Windows 10 supports device sign-in via Azure Active Directory

If, like many of my customers, you’re considering ditching all local servers in favor of cloud-based infrastructure, there’s one thorny problem you have to overcome: central account management without a domain controller. Until Windows 10 there weren’t many good options – sure, with Windows 8 PCs you could switch to using Microsoft Accounts to sign in to your local device, but that approach brings other problems.

Windows 10 offers a fantastic new option – the ability to connect your machine to Microsoft Azure Active Directory, and use your AAD credentials to log in to Windows! That solves the “last-mile” problem, so now your Office 365 sign-in (which uses AAD) is also your Windows sign-in (which now uses AAD), and you can use central administrative creds to manage the machine and enjoy all the other benefits of being part of a managed environment, and when you add Microsoft Intune into the mix, the device management picture is that much more complete!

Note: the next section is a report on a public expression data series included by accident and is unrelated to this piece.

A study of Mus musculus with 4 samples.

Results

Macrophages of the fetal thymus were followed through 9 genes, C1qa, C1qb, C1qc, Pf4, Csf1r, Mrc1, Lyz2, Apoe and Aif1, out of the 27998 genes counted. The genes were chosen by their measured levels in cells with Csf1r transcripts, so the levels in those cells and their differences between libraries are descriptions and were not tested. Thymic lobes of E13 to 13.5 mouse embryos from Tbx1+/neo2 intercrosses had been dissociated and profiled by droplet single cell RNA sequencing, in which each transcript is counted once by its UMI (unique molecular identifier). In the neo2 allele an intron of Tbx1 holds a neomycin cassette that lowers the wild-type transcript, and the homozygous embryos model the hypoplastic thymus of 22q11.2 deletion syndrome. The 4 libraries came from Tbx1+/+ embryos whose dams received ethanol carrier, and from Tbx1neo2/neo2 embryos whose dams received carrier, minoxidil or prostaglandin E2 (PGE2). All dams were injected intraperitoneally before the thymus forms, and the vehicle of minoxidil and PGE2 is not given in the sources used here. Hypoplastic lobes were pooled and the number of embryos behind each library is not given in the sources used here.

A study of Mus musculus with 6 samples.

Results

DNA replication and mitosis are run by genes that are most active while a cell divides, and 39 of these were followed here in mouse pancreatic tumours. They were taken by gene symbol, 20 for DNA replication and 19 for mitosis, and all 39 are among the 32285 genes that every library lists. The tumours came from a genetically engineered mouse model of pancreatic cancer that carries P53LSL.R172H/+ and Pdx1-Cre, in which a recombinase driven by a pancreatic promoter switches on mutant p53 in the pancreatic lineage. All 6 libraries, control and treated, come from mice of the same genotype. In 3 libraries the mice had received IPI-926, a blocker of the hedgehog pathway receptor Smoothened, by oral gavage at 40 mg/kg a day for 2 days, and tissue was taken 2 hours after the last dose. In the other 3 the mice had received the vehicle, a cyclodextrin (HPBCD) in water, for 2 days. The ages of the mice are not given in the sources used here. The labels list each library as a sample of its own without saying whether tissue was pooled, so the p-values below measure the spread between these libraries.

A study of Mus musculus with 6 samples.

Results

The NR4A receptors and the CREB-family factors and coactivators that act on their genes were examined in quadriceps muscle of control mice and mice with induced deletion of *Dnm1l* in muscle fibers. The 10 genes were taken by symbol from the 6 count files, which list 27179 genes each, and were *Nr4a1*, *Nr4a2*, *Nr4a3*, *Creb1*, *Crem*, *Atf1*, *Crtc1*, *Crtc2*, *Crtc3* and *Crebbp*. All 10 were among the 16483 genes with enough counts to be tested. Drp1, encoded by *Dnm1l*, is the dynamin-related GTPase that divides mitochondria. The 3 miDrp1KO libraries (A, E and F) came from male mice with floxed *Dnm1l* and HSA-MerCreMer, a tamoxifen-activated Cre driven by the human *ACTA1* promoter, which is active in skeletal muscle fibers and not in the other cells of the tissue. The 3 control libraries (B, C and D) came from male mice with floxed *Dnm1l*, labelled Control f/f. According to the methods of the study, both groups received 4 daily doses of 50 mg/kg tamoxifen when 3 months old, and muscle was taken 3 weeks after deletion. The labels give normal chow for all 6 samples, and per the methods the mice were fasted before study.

For businesses with mobile users or an aversion to on-prem technology (which all business should be on-prem tech averse!), this option offers a really compelling reason to move to Windows 10.

Microsoft Ignite 2015, here we come!

I am at the MS Ignite 2015 conference, and there are 1,129 sessions scheduled for the 5 days. I will be busy. It will be awesome.

New Microsoft “Visual Studio Code” Preview – how to perform a manual install on Windows

Microsoft just released a new, free, cross-platform dev tool called Visual Studio Code. I had trouble installing it on my Surface Pro 3 because at this time the installer uses the Windows temp directory – something that I have locked down via group policy as an extra security measure – so the installer fails with an error: “Failed to extract installer”:

Here’s how you perform the manual install of Visual Studio Code.

Open your %LOCALAPPDATA% and copy SquirrelTemp folder to another location. This folder contains update.exe, the Visual Studio Code NuGet package (Code-0.1.0-full.nupkg) and a couple of other files. Open PowerShell or Command prompt, switch to the SquirrelTemp folder you copied previously, and run this command:

.\update.exe –install=c:\scratch\squirreltemp\Code-0.1.0.nupkg

A minute later, Visual Studio Code will be up and running on your machine.